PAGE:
Yoruba People Killed My Father, Shared His Meat – MKO Abiola’s Son
Abdulmumuni Abiola, a son of the acclaimed of the 1993 presidential election, Chief MKO Abiola has declared that his father was betrayed by his own kinsmen.
Abdulmumuni said Abiola’s kinsmen literally killed his and shared his meat. Abiola is a native of Ogun State, south-west Nigeria.
Speaking with journalists, Abdulmumuni said the family was not interested in the clamour in some quarters that the late business mogul should be posthumously conferred with the title of the former president.
He said the title was of no use to the family and would not in any way bring back the late politician.
Abdulmumuni said, “Can you imagine? My father died in 1998 and we’re still discussing his death as if he died recently.
“I feel there was something my father was trying to do and the powers that be then didn’t want him to do that. What could that possibly be? What did MKO do to deserve that death? We want to know.”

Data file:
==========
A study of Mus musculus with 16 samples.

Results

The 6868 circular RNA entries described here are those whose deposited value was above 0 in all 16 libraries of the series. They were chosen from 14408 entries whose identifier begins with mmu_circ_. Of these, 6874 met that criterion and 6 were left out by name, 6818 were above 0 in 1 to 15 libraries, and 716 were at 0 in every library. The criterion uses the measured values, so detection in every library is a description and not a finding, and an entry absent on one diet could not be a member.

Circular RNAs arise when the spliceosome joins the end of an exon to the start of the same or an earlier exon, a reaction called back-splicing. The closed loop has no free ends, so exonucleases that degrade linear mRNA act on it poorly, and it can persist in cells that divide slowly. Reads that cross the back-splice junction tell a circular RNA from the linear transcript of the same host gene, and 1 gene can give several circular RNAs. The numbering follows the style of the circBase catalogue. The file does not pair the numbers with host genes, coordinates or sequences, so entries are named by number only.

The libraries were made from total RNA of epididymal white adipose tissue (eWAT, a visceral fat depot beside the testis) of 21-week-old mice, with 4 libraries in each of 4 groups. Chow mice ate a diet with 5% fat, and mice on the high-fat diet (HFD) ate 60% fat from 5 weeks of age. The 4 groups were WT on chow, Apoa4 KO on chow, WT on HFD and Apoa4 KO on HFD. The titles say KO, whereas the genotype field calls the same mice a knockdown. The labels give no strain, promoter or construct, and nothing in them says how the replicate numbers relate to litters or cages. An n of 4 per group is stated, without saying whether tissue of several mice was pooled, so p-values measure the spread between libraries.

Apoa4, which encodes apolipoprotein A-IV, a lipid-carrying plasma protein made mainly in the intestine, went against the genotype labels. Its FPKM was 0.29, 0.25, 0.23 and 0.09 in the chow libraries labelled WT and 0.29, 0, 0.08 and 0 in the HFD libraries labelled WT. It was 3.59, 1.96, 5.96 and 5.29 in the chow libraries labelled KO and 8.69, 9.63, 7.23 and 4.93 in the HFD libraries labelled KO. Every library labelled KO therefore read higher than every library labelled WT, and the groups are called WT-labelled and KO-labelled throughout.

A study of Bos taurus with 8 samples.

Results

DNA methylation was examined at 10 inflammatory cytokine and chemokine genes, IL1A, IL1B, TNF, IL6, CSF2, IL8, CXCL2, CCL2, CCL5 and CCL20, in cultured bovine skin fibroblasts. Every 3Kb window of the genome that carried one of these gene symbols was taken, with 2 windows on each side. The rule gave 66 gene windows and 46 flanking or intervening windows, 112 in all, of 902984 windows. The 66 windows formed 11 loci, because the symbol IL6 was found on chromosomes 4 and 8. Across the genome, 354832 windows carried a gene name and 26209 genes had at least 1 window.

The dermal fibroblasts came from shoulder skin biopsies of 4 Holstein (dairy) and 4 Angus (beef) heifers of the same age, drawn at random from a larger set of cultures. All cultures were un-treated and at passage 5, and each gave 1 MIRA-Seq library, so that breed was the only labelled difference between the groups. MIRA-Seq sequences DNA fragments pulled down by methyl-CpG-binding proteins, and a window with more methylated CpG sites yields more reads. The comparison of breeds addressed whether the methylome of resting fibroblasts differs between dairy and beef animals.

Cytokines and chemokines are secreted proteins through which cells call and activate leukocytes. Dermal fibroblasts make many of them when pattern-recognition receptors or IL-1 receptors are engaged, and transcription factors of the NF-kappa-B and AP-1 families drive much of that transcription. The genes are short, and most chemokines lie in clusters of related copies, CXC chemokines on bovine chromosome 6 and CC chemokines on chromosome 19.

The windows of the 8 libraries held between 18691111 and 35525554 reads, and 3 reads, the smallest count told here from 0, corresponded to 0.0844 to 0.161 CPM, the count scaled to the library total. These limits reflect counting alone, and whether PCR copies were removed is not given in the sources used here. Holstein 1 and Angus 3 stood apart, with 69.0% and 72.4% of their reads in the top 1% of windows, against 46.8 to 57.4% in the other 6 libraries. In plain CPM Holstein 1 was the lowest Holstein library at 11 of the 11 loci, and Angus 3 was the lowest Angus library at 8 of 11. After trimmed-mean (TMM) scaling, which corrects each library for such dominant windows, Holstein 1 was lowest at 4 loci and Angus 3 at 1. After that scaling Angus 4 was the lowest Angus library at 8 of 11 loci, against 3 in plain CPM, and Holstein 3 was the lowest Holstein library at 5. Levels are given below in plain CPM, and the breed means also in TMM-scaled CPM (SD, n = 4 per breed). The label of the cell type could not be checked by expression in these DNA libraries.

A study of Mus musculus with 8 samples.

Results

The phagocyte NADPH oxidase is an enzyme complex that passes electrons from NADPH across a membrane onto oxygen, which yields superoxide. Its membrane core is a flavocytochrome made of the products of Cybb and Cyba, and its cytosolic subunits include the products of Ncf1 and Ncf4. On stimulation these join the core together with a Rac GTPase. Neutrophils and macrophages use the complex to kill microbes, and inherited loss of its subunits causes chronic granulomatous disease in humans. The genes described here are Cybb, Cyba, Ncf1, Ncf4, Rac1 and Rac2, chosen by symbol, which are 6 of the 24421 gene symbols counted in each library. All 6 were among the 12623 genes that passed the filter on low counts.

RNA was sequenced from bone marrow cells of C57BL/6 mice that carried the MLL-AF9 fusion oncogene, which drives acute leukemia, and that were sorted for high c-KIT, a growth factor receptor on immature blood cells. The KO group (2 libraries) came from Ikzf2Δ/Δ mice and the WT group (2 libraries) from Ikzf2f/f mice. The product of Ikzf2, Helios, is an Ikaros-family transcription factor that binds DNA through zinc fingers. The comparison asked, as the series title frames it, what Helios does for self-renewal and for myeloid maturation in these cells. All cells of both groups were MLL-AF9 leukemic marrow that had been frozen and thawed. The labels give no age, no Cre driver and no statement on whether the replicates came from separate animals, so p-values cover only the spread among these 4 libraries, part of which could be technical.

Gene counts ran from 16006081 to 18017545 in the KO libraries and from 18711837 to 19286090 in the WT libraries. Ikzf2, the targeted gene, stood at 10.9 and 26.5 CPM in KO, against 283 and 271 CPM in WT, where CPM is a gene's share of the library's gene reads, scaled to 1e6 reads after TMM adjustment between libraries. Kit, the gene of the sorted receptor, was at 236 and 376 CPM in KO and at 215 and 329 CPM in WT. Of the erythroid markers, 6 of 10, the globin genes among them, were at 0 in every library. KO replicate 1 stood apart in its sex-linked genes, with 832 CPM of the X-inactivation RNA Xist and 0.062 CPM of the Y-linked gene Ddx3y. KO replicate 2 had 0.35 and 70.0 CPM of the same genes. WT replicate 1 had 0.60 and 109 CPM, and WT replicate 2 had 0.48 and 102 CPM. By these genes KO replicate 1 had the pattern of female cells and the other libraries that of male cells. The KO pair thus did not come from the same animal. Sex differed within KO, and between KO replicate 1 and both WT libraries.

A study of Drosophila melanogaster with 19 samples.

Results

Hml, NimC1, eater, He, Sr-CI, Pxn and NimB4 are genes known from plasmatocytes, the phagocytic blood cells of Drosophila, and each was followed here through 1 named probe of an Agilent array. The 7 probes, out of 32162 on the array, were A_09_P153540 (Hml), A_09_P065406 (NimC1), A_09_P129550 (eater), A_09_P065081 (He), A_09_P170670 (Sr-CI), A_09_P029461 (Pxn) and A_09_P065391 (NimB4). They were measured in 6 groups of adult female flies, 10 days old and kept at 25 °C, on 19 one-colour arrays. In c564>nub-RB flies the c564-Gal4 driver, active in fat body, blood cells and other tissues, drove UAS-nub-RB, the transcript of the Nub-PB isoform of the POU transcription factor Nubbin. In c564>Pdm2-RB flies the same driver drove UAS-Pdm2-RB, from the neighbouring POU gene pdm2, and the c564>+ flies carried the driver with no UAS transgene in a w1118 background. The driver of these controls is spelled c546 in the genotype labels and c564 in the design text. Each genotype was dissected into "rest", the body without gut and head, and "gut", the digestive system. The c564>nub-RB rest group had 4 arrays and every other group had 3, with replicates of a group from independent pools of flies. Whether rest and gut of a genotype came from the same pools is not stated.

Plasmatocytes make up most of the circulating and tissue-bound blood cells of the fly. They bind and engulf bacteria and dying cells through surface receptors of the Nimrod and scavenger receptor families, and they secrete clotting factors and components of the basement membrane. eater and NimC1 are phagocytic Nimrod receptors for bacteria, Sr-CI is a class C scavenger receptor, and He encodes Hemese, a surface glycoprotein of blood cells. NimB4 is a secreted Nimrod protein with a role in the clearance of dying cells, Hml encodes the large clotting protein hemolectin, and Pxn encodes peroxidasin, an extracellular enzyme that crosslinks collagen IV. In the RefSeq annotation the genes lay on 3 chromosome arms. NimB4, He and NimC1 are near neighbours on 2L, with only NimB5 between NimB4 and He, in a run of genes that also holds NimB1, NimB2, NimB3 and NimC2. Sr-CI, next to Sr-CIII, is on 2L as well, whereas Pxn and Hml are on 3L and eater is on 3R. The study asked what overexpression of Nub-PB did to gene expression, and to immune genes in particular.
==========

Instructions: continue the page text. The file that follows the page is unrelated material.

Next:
He wondered why some people decided to kill his father who was only trying to make the country better.
“These were people from his own ethnic group; they cut him (Abiola) into pieces and shared his ‘meat’.
“The decision (to kill him) that they made back then, are they enjoying it now? We can’t go back in time but going into the future we can avoid making the same old mistake, which is the most important thing”, he said.
Asked if he was in support of the call that the late Abiola should be conferred with the title of the ex-president in his grave, the son said the country had other better things to attend to than giving the title to a man who was no longer alive.
His words, “That might just be a symbolic measure actually; my father has been long dead. What’s the point of giving him back his mandate when he’s no longer alive to accept it? They should keep the mandate.
“The country has more pressing issues to deal with. The country will be a better place if our leaders can apply their heads as well as hearts to lifting the majority of the people out of poverty, injustice, hopelessness, insecurity and corruption. There is so much rot in the country.”